Although we had discussed the progress of screwcap technology for years, we were concerned about marketing, public perception and possible long term wine storage quality issues if we made the switch. In our quest for the perfect closure, we tried several different cork and hybrid synthetic cork products, only to find that it was pretty well accepted that a 2% to 5% failure rate was a given. We watched with interest as wineries such as Napa’s highly regarded PlumpJack, Burgundy’s Domaine Laroche, and the Central Coast’s progressive Bonny Doon boldly made the switch from cork to screwcap. We conducted internal experiments over several vintages with different closures; we read, researched and attended comparative tastings; we talked to lots and lots of winemakers, wine buyers and sommeliers. We did our homework and reached two important conclusions: 1. screw cap closures were never a negative in terms of wine quality and were often a positive, and 2. no matter what efforts are undertaken, TCA will probably infect a certain percentage of cork closure wines forever.
Once the science was proven, the debate within Scheid turned to marketing and public perception. What would our customers think about a move to screwcap? How important was the ceremony of cork and corkscrew to the wine ritual? Would it hurt the quality image we had built? In late 2006, we made the decision to bottle all of our 2006 white wines with screwcap closures. Whites, with the preservation of delicate aromatics and freshness being of ultimate importance, seemed like the logical place to start. So in spring 2007, our 2006 Riesling and 2006 Gewürztraminer were bottled and finished with the Stelvin screwcap. The rest of our 2006 whites followed suit and we all quickly became accustomed to twisting instead of pulling.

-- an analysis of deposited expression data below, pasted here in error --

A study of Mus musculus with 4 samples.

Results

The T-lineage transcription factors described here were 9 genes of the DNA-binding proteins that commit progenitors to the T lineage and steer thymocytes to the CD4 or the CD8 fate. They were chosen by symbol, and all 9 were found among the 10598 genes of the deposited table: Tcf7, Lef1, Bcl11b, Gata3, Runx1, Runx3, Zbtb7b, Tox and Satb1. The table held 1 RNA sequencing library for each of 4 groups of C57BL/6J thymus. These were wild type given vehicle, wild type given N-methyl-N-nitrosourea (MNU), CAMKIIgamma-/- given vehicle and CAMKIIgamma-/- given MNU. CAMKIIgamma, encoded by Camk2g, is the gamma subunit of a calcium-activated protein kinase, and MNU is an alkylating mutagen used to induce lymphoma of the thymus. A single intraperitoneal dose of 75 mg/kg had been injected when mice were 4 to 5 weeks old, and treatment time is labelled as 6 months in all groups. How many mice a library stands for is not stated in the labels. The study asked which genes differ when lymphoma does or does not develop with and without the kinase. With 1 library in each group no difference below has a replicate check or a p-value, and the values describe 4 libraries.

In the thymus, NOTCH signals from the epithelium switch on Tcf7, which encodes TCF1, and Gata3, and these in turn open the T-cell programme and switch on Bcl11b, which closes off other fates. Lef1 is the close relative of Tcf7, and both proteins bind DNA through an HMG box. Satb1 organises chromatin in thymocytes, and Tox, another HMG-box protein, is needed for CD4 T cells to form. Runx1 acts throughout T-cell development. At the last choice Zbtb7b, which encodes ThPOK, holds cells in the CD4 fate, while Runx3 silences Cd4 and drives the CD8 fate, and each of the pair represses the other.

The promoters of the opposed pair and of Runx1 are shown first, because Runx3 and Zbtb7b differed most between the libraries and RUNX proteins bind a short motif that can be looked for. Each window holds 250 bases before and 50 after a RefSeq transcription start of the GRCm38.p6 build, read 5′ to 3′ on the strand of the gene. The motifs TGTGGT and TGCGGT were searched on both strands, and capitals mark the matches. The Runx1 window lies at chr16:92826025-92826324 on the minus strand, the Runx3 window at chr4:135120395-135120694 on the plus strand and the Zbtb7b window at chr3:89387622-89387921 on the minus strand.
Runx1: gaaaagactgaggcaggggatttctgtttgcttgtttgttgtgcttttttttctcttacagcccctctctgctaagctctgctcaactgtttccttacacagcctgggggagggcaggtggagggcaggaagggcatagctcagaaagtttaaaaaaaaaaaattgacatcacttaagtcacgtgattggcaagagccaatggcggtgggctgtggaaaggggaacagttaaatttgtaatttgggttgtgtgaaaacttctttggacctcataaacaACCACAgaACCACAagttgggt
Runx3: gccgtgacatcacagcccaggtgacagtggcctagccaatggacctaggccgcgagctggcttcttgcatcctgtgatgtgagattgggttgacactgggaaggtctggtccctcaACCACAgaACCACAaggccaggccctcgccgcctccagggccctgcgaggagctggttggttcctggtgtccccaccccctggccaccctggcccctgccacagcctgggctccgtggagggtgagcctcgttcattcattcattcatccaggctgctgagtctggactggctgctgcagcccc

With our whites under screwcap and in the marketplace, we couldn’t have been happier with the results from both a quality standpoint (zero corked wines!) and from a marketing perspective (our customers got it, they really got it!) Now the internal debate changed. Screwcap was a winner for our whites. It was delivering our wine in the way our winemaking team had intended when they bottled it. If we truly believed that screwcap was the best wine closure on the planet, why would we not bottle all of our wines in screwcap?
Once again, it came down to public perception – we were worried that for our reds and for our reserve wines, customers perceived cork-closed wines as being of higher quality and, inversely, that screwcap would be seen as (hurts to even say it) cheap. We discussed, we debated, we argued. Dave Nagengast, Director of Winemaking for Scheid Vineyards, made the point that from his perspective, cork was an uncontrollable variable in the finished wine product. Score one point for winemaking, zero for marketing. Furthermore, he considered the Scheid winery to be the most innovative and technologically advanced facility in the country, but how does cork fit with that core value? Winemaking, two; marketing … still zero. He calmly stated that if screwcaps improve white wine longevity and are the best closures, then why are they not good enough for our top wines, too? Winemaking wins. Marketing? Go pound sand.
And so, in May 2008, we all formed a circle, stuck our hands in the middle and took the screwcap oath of honor, whereby we pledged to go 100% screwcap across-the-board. Okay, we didn’t really form a circle, but we did sit around a circular-shaped table and make The Decision. It wasn’t based on economics, marketing or public perception. Screwcaps aren’t cheaper to buy, they’re not easier to produce, they’re not prettier or more trendy. They’re just better. And at the end of the day, isn’t that what matters most?